Google has made significant progress in its endeavor to develop its own data center chips, according to a new report. The Information (opens in new tab) says that a key milestone has just been reached, which means that Google can plan to roll out server systems powered by the new chips starting from 2025.
This is not the first processor that Google has successfully put through R&D - the company has previously made an ASIC for servers and an SoC for mobile devices. The search giant started using its internally developed Tensor Processing Unit (TPU) as far back as 2015. The TPU was an ASIC designed to accelerate AI and neural network machine learning, which also found uses in custom SSDs, network switches, and NICs. For AI processing it slotted into the firm’s TensorFlow framework, but Google kept on using third-party CPUs and GPUs for a number of other key processes/processing tasks. Google’s TPU has reached its fourth generation, and now it looks like Google wants to go further in using its own silicon in the server space.
In addition to the TPU ASIC, a much fuller SoC from Google exists for use in its devices. The newest Tensor G2 chip for mobiles mixes the latest Arm Cortex cores and Mali G710 graphics with a custom TPU, an ISP, a security core and caches – and is made by Samsung on its 5nm process. Progress with this chip over recent years, and the TPU, might have helped crystallize the new server chip development plans for greater control, efficiency, and TCO reductions.
The two sources speaking to The Information, one with direct knowledge of the project and another who had been briefed upon it, indicate that Google is working hard to catch up with cloud server business rival Amazon. Amazon launched its AWS Graviton processor with Arm architecture in 2018 – and it is now in its third generation, boasting impressive performance and efficiency optimizations over an already attractive server proposition.
Some other morsels of information shared by The Information are that Google’s server chip R&D team are working on two Arm-based 5nm chips. An SoC dubbed ‘Cypress’, is an in-house design by the Google Israel team. Meanwhile, a design codenamed ‘Maple’, which is based on the foundations of a Marvell Technology SoC, is in trial production at TSMC. Overseeing both designs is Uri Frank, a 25-year Intel CPU design veteran, who became Google’s VP of Engineering for server chip design in March 2021. It is understood that Frank sees Cypress as Plan A, with Maple waiting ready in the wings as Plan B.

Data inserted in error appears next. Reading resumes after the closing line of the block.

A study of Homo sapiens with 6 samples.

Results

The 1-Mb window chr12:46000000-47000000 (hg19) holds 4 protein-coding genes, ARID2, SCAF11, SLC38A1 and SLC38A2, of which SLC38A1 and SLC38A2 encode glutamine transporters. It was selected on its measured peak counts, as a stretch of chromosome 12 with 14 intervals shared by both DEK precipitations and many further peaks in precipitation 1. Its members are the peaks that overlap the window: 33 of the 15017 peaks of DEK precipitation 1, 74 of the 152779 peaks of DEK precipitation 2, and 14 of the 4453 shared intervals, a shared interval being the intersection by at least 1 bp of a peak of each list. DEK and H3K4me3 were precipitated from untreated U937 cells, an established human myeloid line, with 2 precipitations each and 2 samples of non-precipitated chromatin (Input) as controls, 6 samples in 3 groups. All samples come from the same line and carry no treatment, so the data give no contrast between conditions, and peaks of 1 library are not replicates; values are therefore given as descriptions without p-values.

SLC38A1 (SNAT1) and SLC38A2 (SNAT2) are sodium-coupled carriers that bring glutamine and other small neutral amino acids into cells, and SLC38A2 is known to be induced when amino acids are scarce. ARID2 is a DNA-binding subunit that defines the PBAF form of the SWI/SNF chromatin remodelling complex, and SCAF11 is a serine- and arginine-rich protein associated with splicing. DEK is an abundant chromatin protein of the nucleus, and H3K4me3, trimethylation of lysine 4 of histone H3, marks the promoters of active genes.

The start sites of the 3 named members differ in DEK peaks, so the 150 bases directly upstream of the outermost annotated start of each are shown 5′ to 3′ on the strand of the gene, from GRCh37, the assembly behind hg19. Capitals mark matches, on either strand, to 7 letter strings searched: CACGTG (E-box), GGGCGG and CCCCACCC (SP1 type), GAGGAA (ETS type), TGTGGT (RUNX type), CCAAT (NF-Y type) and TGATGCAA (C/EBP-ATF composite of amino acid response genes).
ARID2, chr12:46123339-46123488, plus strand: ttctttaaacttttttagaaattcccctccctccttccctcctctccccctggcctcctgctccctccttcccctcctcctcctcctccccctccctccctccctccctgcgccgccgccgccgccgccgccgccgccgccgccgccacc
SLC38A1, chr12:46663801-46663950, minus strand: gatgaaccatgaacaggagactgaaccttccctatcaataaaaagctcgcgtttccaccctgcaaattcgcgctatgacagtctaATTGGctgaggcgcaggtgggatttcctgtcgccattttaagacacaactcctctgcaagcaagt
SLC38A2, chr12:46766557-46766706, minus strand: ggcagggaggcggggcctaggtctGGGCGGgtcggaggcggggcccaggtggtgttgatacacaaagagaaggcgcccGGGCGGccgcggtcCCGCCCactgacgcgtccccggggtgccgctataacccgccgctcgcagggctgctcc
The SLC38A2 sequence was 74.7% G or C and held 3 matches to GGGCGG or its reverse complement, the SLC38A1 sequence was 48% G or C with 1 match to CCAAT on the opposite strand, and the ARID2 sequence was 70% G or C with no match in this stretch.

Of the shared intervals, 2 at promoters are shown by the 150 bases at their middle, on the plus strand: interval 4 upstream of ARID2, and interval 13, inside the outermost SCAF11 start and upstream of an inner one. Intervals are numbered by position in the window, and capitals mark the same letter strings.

With mass production of these chips potentially beginning in 2024, the source reckons Google data centers could be using them by 2025. Whether Google’s Plan A or Plan B makes the cut, it doesn’t look like this will be good news for PC x86 CPU makers like Intel or AMD.
The timeframe seems a little crazy, to me. I wonder what's taking them so long - are they actually designing custom cores?? If they're only doing a rollout of their TSMC N5 CPUs in 2025, AMD will already be on TSMC N4 or N3 by then. And Intel will be on 18A or whatever.
I wonder if these leaks were intended to stave off investor calls for more job cuts. I've heard some investors want Google to layoff up to 3x as much as it's done so far, and the hardware division seems like it might be a juicy target.
The downside of this trend towards all cloud providers making their own CPUs is that if Intel's or AMD's volumes significantly drop, they might have to increase prices due to having fewer units over which to recoup their engineering costs.
Bit weird. X86 or X64 CPU's are good at "everything" but for specific workloads your throwing away effiency. When you design a chip specific for your type of workload you make huge steps in efficiency. Simple as that.
If you're only ever going to do one thing and one thing only for the rest of time, then designing an ASIC that does that one thing is going to be your best path. You get max performance and efficiency in exchange for reduced flexibility.
If you're in an environment where you have to pivot to different workloads depending on the situation then you need a general processor like x86. It burns more power but you can do literally anything with it. Anything from file servers to complex physics simulations.
And it's already been in service for more than a year!
Partly. I think because Google has their TPUs, they won't bother wasting a lot of die space with wide vector or matrix arithmetic.
Other than that, I would expect them to simply use ARM Neoverse N2 cores. Then again, considering the timeframe, I really have to wonder if they're make a custom design. Google certainly has the ego to try and undertake such a task, whereas Amazon was very smart not to.
To be honest, if Ampere's new custom cores are any good, I think it would have just been cheaper for Google to acquire that company. Amazon actually bought Annapurna Labs, which is how their Graviton program came into being.